Don Beall guided Gladiators to two county titles during seven years with program

By Carol Gralia, howardcountysports@patuxent.com

9:23 AM EDT, May 6, 2013


Beall recently lost his varsity girls basketball coaching position at Glenelg.

"I never saw it coming, not even a little bit," he said.

Beall said he was called into an April 25 meeting with school administrators to talk about basketball.

"They told me they wanted to go in a different direction and that (JV coach Chris Beil) was in the building and he had paid his dues" and should be varsity coach.

Beall thought he could have pushed to keep his job, but he didn't want to stay where he wasn't wanted.

"I told them, I'd make it easy on them," he said.

He resigned rather than being fired.

"I'm very appreciative of what Don has done for Glenelg High School all these years. …He had a great run," said John Davis, the school's Athletics and Activities Manager. "I'm going to miss him; I think Don is a great guy."

With the exception of four years spent at Good Counsel, Beall has been coaching at Glenelg since 1988 and he has coached volleyball (JV and varsity), boys soccer (JV), softball (JV) and girls basketball (JV and varsity).

He is not a teacher or in the school system, so he was classified as an emergency coach. Until recently that meant his coaching position was in jeopardy if any teacher in the school wanted it.

The county changed its policy a few years ago, allowing emergency coaches to take a series of classes to become certified. Completing the course work placed the emergency coach on the same level as a teacher.

Ultimately, however, all coaching positions are one-year appointments.

Beall believes he has the right to fight to keep coaching, but he has decided against it.

"It would be so uncomfortable," he said. "I've tried to be classy in representing myself and the school and trying to get my kids to do the same."

Although many of the teams he coached were at the junior varsity level, Beall has had success with his varsity teams.

He had no knowledge of volleyball when he began coaching the JV team. In 2004, he took over the varsity and in 2005 won the Class 2A state championship. He won Howard County and Metro Coach of the Year honors that year.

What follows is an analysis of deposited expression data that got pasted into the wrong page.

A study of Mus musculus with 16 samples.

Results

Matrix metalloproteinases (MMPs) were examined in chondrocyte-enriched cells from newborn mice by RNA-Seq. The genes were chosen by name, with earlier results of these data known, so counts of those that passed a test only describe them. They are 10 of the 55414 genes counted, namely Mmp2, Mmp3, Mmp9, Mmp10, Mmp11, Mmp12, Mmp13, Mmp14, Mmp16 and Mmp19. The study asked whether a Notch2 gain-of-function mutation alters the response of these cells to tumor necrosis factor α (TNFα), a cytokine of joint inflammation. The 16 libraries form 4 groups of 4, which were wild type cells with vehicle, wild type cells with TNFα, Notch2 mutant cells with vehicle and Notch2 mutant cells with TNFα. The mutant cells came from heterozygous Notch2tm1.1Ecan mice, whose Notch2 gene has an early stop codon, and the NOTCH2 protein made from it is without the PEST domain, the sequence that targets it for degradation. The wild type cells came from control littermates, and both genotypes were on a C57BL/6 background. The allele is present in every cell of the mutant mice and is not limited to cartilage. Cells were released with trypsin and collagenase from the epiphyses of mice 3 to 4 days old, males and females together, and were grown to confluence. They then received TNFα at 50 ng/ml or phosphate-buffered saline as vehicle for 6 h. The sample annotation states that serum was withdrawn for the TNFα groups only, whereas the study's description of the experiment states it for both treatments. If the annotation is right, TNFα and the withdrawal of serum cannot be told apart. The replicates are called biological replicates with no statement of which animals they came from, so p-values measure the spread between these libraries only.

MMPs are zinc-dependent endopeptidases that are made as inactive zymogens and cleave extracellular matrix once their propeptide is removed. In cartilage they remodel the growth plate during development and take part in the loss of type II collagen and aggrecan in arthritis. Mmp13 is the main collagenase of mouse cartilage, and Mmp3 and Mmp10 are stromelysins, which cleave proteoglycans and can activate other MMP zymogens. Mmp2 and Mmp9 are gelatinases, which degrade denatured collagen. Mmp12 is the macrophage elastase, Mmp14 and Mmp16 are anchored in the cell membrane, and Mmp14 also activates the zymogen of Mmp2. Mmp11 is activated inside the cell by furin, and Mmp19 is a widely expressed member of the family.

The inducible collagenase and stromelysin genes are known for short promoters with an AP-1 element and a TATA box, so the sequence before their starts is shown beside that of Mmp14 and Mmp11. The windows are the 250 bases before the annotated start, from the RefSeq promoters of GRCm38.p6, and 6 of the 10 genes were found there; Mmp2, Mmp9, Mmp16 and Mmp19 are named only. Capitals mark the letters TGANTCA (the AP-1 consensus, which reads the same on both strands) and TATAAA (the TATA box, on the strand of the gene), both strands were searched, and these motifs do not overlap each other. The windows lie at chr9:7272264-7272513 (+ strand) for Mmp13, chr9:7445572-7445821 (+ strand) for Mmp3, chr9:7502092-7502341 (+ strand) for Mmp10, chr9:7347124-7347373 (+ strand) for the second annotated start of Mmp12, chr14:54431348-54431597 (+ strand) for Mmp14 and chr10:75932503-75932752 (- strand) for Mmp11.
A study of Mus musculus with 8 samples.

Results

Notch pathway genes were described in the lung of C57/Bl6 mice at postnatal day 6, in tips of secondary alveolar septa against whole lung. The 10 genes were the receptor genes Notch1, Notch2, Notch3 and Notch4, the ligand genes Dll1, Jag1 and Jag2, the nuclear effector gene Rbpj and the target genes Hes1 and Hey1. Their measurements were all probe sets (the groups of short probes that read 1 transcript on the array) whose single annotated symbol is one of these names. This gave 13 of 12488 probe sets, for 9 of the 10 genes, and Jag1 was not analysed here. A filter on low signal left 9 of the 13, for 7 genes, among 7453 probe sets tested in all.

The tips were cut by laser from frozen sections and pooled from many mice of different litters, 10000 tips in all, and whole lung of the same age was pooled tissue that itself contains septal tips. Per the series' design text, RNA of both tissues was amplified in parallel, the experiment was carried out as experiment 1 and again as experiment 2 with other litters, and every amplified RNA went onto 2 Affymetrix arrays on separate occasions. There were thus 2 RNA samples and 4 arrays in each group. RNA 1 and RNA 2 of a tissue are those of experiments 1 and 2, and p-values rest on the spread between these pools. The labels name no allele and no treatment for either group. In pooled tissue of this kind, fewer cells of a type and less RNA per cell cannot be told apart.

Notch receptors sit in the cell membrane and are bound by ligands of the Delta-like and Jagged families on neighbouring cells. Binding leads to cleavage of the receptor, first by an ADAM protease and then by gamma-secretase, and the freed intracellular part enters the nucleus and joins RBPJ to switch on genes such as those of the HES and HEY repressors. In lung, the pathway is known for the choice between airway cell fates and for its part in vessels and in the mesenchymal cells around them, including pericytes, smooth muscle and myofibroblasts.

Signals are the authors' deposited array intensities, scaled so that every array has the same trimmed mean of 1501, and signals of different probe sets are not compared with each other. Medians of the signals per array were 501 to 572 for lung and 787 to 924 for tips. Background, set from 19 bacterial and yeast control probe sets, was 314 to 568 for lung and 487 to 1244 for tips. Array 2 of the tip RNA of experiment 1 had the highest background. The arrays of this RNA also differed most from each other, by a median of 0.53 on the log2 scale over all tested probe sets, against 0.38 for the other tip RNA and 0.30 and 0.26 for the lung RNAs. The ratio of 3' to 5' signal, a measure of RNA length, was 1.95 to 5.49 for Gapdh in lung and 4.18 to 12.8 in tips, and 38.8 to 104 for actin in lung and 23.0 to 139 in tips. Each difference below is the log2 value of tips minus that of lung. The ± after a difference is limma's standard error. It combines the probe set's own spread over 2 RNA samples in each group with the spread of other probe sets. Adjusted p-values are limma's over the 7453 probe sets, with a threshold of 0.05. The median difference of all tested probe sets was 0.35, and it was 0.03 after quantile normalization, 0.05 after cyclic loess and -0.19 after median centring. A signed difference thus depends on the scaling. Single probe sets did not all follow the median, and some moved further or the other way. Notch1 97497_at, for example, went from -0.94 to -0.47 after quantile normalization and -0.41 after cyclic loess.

His 2007 team reached the state semifinals and the 2008 squad was a state finalist.

Beall's first basketball victory came on Dec. 6, 2006 and he has a signed basketball to prove it. In his seven years as head coach, his teams posted a 109-60 overall record and won two county and two District V titles.

The county coaches twice selected Beall as their Coach of the Year.

"He played a pivotal role in my development as a player," said Glenelg senior Emily Russo.

She first met Beall at the Glenelg Booster Camps. "I remember always looking up to him as a coach and I can remember that I just couldn't wait to play for him."

Circumstances prevented this year's varsity basketball team from reaching its full potential. Sam Heisig, an all-county first-team performer, tore her ACL during the AAU season and did not return to the team until January. Russo, the county Player of the Year as a junior, tore her ACL in early December and was out for the remainder of the season.

Still, Glenelg went 10-13.

"Even with a losing record, I thought (assistant coach) Dave Ebbe and I did a phenomenal job with the kids that we had. I thought they worked harder as a whole group than last year's team, which was phenomenal."

Ebbe is also resigning.

Beall is uncertain about his status as volleyball coach.

"I have really mixed emotions about volleyball," he said. "This is their senior year and they were a special group of freshmen."

Coaching takes a depth of commitment that few people realize. Successful teams need to do something year round, including summer leagues and fall ball, and that organization generally falls on the coach.

"People don't have a clue what I have had to sacrifice (to coach). How much I was committed to making this work because of working six days a week (at Giant Foods in Montgomery County)."

Beall was up at 4 a.m. to be at work by 5. The early shift allowed him to be at Glenelg in time for practices and games.

There were times, though, when in order to meet his team's playing schedule, he had to take vacation or sick days.

He even missed a surprise 30th anniversary party because he was coaching a JV team in a holiday tournament.

But Beall has no regrets.

"I feel good about all of the good I have done for the school and the community and, above all the kids I coached." Beall said. "I'm really proud to have had the opportunity to coach at Glenelg, It is a highlight of my life."